An Edible Education in Berkeley CA


A welcoming sign at the Edible Schoolyard
What do you get when you combine amazing vision, culinary curiosity and a vacant, asphalt lot located adjacent to Martin Luther King Jr Middle School in Berkeley CA? The Edible Schoolyard (ESY), an organic garden and kitchen classroom which integrates food concepts into the school curriculum for hands-on training and learning during the year. 

A simple lesson in putting things back in their proper spot:  color coded tools used in the garden.

Geoff the cheerful gardener shows off expert raking technique!

A recent tour gave me a close up view of the people and operations plus a healthy dose of respect for the person who started it all. That person being Alice Waters, the venerable force behind the original sustainable, local food movement and proprietor of Chez Panisse in Berkeley CA.

At the base level it’s easy to think “it’s just gardening or cooking” (for anyone who’s ever taken a Home Economics class – this is not IT). The really cool thing going on here is that students are not simply learning WHAT to eat, they are learning how to make – and grow - the things they will eat. The row of corn in the garden will, most likely, end up on a student’s plate having been cooked by fellow students. And in addition to the cooking itself students undergo a fairly intensive knife and kitchen accessories training to learn the basics (eg., “how not to cut yourself with a super sharp knife”).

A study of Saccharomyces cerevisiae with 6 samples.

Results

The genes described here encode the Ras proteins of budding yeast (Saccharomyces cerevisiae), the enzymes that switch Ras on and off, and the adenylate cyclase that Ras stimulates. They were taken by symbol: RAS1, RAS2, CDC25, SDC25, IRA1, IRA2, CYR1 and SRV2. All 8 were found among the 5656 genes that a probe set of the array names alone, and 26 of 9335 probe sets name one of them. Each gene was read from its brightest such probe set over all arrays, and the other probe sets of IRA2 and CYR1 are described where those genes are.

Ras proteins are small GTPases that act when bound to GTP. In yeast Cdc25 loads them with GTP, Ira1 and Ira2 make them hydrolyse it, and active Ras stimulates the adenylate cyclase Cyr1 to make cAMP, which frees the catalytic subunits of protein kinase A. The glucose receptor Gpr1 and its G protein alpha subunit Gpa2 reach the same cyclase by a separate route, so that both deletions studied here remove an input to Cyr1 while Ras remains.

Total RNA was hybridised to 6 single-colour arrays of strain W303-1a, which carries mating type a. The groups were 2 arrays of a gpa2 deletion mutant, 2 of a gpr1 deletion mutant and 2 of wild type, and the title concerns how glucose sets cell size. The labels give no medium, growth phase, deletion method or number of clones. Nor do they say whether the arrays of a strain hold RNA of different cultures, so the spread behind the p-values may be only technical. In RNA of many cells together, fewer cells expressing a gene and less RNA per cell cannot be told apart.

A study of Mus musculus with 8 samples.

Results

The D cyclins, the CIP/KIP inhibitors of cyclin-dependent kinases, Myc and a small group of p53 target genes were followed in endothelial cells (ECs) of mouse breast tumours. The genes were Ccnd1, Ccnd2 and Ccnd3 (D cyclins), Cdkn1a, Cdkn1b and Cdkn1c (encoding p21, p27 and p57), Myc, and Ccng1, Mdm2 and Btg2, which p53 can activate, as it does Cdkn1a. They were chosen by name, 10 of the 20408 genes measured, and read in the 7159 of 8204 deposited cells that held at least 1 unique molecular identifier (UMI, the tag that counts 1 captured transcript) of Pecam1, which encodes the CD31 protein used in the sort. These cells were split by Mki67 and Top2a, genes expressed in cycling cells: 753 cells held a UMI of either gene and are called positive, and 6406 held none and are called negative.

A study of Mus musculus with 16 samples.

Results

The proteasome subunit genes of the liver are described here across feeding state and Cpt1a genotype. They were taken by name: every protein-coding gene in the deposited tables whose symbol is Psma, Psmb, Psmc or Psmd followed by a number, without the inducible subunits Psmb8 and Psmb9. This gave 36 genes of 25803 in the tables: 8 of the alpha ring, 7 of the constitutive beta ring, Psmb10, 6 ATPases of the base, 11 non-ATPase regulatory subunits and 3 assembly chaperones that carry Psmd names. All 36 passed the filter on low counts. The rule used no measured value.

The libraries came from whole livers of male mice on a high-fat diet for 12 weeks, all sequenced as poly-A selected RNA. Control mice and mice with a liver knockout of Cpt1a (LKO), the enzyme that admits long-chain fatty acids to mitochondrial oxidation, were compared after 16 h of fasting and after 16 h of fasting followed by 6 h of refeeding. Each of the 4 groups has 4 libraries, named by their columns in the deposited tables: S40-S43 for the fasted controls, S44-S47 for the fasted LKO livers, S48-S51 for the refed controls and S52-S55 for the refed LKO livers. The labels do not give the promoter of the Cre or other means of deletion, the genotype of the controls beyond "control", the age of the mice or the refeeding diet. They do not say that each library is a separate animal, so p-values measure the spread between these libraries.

Kitchen "toolbox" with handy laminted card of contents.

If only my pantry at home were this organized...

It’s really brilliant, in the end. Instead of preaching to kids “do this, don’t eat this” the folks at the Edible Schoolyard are saying “eat more greens, here’s how to get them on your plate – and love them too!” If you will, it’s definitely a carrot (albeit an organic) rather than stick approach.

I’m not sure if this is exactly what Alice Waters intended but it surely struck a chord with me. The program participants will leave middle school with extensive food knowledge and beyond-basic cooking skills they will carry - and share - throughout life.  As corny as it sounds, the seeds have been planted and it will be interesting to see the proliferation of this knowledge. 

Perhaps in 5-10 years an edible schoolyard program in each city across the US will become the norm rather than the exception.  I think the folks at Chez Panisse are on to something here?!